Hubby, like Winnie the Pooh, is a honey man – he loves the stuff; so, as part of our father’s day weekend, I thought he’d enjoy a trip over the Border to England to the Chain Bridge Honey Farm near Berwick-upon-Tweed (approx 30 miles from our house). I had no idea it would be in such a very special spot. Needless to say, the honey was great, but the Union Chain Bridge was amazing – a Wonder of the World in fact.
To set the scene, the mighty River Tweed forms part of the border between Scotland and England in our part of the world. So, getting from one country to the other often involves going over a bridge. The Union Suspension (Chain) Bridge was built in 1820 between Horncliffe in England and Paxton on the Scottish side.
At the time of opening, it was the world’s longest iron suspension bridge (It was completed before Telford’s Menai Suspension Bridge and Brunel’s Clifton Suspension Bridge). Today, it is the world’s oldest iron suspension bridge still carrying vehicular traffic – albeit one car at a time! The deck of the bridge is actually wooden with a tarmac roofing felt-like road surface! Apparently when it opened, it was an engineering marvel and the then 18 year old Isambard Kingdom Brunel visited! We walked across it and it moves up and down when a car drives across. It is fun to walk from one country to another and very funny how the accent changes so significantly in a hundred yards!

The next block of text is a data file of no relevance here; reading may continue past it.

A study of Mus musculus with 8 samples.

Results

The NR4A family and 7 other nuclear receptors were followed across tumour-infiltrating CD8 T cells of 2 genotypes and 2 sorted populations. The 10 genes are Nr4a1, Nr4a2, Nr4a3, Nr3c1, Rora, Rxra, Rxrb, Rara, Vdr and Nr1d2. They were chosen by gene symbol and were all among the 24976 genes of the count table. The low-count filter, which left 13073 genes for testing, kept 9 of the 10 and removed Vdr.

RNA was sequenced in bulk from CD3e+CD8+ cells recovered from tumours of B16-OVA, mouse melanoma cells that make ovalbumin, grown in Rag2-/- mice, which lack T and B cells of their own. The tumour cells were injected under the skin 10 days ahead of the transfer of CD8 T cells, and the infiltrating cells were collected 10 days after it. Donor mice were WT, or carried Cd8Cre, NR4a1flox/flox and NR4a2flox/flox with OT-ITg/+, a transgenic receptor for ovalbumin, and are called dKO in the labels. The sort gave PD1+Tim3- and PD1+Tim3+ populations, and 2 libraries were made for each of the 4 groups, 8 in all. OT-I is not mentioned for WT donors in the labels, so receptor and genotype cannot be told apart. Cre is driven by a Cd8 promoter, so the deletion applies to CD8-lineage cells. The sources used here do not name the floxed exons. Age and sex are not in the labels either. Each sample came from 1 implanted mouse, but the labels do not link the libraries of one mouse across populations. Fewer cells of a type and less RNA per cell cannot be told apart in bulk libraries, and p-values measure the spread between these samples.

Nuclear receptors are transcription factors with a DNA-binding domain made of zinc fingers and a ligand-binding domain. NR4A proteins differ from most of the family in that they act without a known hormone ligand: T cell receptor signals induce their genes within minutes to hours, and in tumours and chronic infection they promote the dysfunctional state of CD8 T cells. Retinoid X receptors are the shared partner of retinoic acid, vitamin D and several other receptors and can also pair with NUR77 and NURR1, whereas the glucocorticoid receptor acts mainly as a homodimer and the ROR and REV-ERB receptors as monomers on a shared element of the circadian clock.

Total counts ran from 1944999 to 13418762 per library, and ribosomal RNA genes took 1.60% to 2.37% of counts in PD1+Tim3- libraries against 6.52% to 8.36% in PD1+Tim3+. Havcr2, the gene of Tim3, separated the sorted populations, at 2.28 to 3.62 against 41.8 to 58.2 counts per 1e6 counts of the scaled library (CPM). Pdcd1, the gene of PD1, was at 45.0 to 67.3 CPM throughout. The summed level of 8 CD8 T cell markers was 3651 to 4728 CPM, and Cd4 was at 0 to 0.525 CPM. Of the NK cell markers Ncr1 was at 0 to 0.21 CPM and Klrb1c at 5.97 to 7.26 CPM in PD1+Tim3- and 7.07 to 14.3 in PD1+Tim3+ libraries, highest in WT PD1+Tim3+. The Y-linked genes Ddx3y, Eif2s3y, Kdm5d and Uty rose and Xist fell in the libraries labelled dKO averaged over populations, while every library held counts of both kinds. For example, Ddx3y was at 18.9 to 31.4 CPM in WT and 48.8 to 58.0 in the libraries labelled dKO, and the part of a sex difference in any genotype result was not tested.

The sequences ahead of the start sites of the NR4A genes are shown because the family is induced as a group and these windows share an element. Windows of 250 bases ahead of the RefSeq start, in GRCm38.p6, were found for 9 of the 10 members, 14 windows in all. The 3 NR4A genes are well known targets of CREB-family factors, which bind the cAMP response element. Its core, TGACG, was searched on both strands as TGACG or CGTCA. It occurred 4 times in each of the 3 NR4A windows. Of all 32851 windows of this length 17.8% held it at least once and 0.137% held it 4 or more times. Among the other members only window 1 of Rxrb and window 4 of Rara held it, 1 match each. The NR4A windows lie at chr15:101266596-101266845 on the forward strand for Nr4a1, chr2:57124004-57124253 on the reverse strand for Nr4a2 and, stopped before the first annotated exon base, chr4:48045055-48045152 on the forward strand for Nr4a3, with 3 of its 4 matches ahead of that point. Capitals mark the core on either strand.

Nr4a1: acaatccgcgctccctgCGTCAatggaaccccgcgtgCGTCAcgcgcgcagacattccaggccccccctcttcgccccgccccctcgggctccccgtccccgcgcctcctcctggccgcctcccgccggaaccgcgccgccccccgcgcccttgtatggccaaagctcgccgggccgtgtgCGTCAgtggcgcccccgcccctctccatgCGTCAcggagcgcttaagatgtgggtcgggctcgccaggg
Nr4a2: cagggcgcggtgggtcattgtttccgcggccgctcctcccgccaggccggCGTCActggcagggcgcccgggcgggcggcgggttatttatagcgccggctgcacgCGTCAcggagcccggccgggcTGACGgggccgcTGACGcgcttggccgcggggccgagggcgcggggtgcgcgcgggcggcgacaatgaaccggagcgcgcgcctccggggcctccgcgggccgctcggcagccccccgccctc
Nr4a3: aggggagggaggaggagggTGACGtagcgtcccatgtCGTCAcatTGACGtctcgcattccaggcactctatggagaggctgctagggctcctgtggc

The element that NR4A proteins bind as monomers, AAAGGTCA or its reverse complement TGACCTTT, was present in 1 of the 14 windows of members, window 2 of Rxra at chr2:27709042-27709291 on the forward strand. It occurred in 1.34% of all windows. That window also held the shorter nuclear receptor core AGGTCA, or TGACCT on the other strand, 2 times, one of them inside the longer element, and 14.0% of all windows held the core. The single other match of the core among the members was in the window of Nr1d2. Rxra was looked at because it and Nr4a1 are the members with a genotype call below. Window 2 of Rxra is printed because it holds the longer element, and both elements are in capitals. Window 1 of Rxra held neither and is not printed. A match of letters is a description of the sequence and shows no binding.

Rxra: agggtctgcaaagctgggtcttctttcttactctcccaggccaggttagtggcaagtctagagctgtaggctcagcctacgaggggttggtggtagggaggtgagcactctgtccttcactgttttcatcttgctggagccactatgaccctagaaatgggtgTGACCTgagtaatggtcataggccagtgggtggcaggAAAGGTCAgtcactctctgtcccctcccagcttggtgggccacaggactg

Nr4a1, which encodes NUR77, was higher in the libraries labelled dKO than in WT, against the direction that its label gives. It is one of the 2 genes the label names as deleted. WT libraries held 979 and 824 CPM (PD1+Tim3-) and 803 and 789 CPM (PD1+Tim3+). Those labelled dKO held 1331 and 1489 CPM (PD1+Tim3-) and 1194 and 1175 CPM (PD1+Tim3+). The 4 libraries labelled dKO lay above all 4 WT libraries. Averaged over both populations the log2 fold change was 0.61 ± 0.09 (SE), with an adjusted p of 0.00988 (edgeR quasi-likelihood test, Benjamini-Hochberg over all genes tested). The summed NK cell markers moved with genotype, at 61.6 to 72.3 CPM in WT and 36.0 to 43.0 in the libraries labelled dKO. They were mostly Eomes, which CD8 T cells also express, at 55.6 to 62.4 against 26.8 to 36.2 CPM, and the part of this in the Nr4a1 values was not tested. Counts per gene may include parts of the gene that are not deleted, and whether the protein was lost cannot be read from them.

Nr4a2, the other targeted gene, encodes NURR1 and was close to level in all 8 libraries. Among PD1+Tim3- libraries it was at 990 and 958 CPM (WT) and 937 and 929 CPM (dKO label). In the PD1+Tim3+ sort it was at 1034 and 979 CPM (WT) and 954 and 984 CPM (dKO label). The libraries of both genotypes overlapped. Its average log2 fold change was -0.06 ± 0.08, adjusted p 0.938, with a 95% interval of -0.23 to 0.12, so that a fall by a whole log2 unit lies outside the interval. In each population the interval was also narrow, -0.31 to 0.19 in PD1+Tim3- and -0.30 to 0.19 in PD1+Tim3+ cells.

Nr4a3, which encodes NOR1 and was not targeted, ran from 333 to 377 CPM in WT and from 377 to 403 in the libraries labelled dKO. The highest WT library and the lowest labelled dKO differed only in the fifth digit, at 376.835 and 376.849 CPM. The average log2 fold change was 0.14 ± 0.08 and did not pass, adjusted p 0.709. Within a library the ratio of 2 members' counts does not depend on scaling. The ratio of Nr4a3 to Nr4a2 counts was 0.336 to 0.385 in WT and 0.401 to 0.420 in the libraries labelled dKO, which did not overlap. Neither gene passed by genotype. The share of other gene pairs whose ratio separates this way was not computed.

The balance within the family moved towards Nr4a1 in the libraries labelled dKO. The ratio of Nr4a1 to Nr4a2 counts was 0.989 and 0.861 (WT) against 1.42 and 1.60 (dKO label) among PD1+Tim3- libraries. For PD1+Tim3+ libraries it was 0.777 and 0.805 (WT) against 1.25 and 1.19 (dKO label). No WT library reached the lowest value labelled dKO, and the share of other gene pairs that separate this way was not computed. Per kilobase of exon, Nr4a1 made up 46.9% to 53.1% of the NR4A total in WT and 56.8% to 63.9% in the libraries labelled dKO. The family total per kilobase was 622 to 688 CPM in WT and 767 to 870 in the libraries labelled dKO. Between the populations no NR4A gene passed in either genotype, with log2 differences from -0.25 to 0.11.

On the English side, lies the honey farm (with a very impressive collection of vintage vehicles and tractors) and about a mile upstream on the Scottish side lies Paxton House. We walked along the River to Paxton House and were enchanted by the highland cows, the boathouse and salmon fishing boats (cobles) and the adventure playground.
So, another grand day out in the Scottish Borders (we preferred the Scottish side of the River but then we’re biased). The English had nice old road signs though – the ugly modern Scottish ones (what were they thinking?) were far too hideous to even show you! Of course, the yummy honey was on the English side, although I expect the bees eat the nectar on both sides of the river!